Sculptor envisions 99 names of God

  • Article by: ALFREDO GARCIA , Religion News Service
  • Updated: July 30, 2010 - 4:50 PM

The Utah art professor, a Mormon, said he became interested in Islam after Sept. 11.


Photo: Photo provided by Andrew Kosorok, RNS


Having gained an interest in Islam after the Sept. 11 attacks, Kosorok found many parallels between his Mormon faith and Islam. Islam's traditional 99 names for God -- the Provider, the Compassionate, etc. -- inspired him to dive deeper into Islamic theology.

Kosorok, who teaches at Brigham Young University in Provo, Utah, aims to produce one glass sculpture for each of the 99 names, and one final piece to represent all the names together -- 100 installations in all. So far, he has finished seven pieces. Five are in production, and 13 others are planned by year's end.

Q Where did the inspiration for the installation come from?

A There were a number of instances of vandalism against Muslims here in Utah after 9/11. A Mormon leader gave a number of speeches where he stated that Islam was a spiritual sibling to LDS Christianity [Church of Jesus Christ of Latter-day Saints]. I thought this was an interesting thing for a Mormon leader to say. So I started reading a little bit.

Q How long do you think it will take to finish?

A It's designed to take three years. Originally, I was just going to do it in a couple of months. Ignorance is a wonderful thing because you have absolutely no burdens of responsibility or knowledge. As soon as you open the door and start learning, you realize how much there is out there and how much you don't know.

Q Why did you choose to focus on the 99 names?

A I thought that they were a path through which I could explore another faith. But I also felt it could enhance my understanding about my own faith. When my research on the names mentions things I'm not familiar with, I do additional research on that part.

Q Where are you getting support for your research?

A SunniPath, an online Islamic academy in Jordan, had decided to add a class on the names but hadn't told anybody. When they got my e-mail, they figured that it was a sign to help me out. They gave me a scholarship to study theology and, in particular, the names.

Q What has studying the names taught you about your own religion?

A I found that the names are designed to help you focus your prayers, specifically your gratitude and beseeching. And when I applied that to my own prayers, it was like opening a door that I never knew existed. I was able to express the gratitude that I felt even more fully. It helped give more focus to my own prayers and helped me pray with more precision.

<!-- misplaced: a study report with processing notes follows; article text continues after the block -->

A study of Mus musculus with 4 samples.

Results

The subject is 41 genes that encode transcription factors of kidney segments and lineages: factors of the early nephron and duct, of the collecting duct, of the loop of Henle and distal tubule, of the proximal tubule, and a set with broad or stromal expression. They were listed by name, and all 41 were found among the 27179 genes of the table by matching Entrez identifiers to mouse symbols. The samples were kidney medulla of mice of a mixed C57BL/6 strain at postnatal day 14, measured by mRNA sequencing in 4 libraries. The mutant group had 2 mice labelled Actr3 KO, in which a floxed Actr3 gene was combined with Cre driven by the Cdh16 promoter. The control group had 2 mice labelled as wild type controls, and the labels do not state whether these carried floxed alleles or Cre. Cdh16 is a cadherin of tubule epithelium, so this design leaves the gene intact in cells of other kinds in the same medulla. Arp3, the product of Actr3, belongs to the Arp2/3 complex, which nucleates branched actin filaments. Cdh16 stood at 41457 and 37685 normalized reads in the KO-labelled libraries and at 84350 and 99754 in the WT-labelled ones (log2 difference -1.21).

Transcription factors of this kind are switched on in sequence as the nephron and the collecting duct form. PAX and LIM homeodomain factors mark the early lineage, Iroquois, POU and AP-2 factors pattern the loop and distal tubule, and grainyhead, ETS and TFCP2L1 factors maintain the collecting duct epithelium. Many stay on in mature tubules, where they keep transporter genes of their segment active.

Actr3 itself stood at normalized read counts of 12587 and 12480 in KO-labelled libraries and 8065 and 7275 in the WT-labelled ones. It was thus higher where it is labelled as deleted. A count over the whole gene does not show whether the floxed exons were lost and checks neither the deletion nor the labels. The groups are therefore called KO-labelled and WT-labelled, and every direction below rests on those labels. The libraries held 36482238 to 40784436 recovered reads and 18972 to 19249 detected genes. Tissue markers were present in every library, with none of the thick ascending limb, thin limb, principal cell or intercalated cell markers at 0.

Q Does being an "outsider" to Islam help or hinder your work?

A When you are an outsider, your ignorance is easily forgiven and people take the time to explain when I'm incorrect. They appreciate that I've tried to learn. So I think it's helped quite a bit. I know that since I'm only human, I probably screw up. But I hope people understand that I'm honestly trying.

Q Islam, of course, prohibits depictions or images of human figures such as the Prophet Muhammad or God. How do you artistically represent a divine trait such as "love" or "compassion" in glass?

A One of the things that I was told by a sheik in Pakistan in an e-mail was that I needed to take my time and respond to what God was telling me. He said that he understood that I was not of his faith, but that I had to take this seriously and that God would help me. So I try really hard to open my mind and respond to the nudges and directions I get. I start by doing some rough sketches and learning as much as I can about that particular trait, how it historically has been addressed. I try to use images that have been used in traditional art to represent particular names, like the eight-pointed star or geometric figures.

Q What will happen to the pieces at the end?

A There are three main points of the project. The first is to leave a record of my own education -- trying to heal my own ignorance. Second is to share that with other people. And third is to let the Islamic world know that Americans and others are really interested. So, with that in mind, I would prefer the sculptures go out everywhere. I would like them to be displayed at one point with all 100, but after that, I would prefer that each individual one would go to an individual home.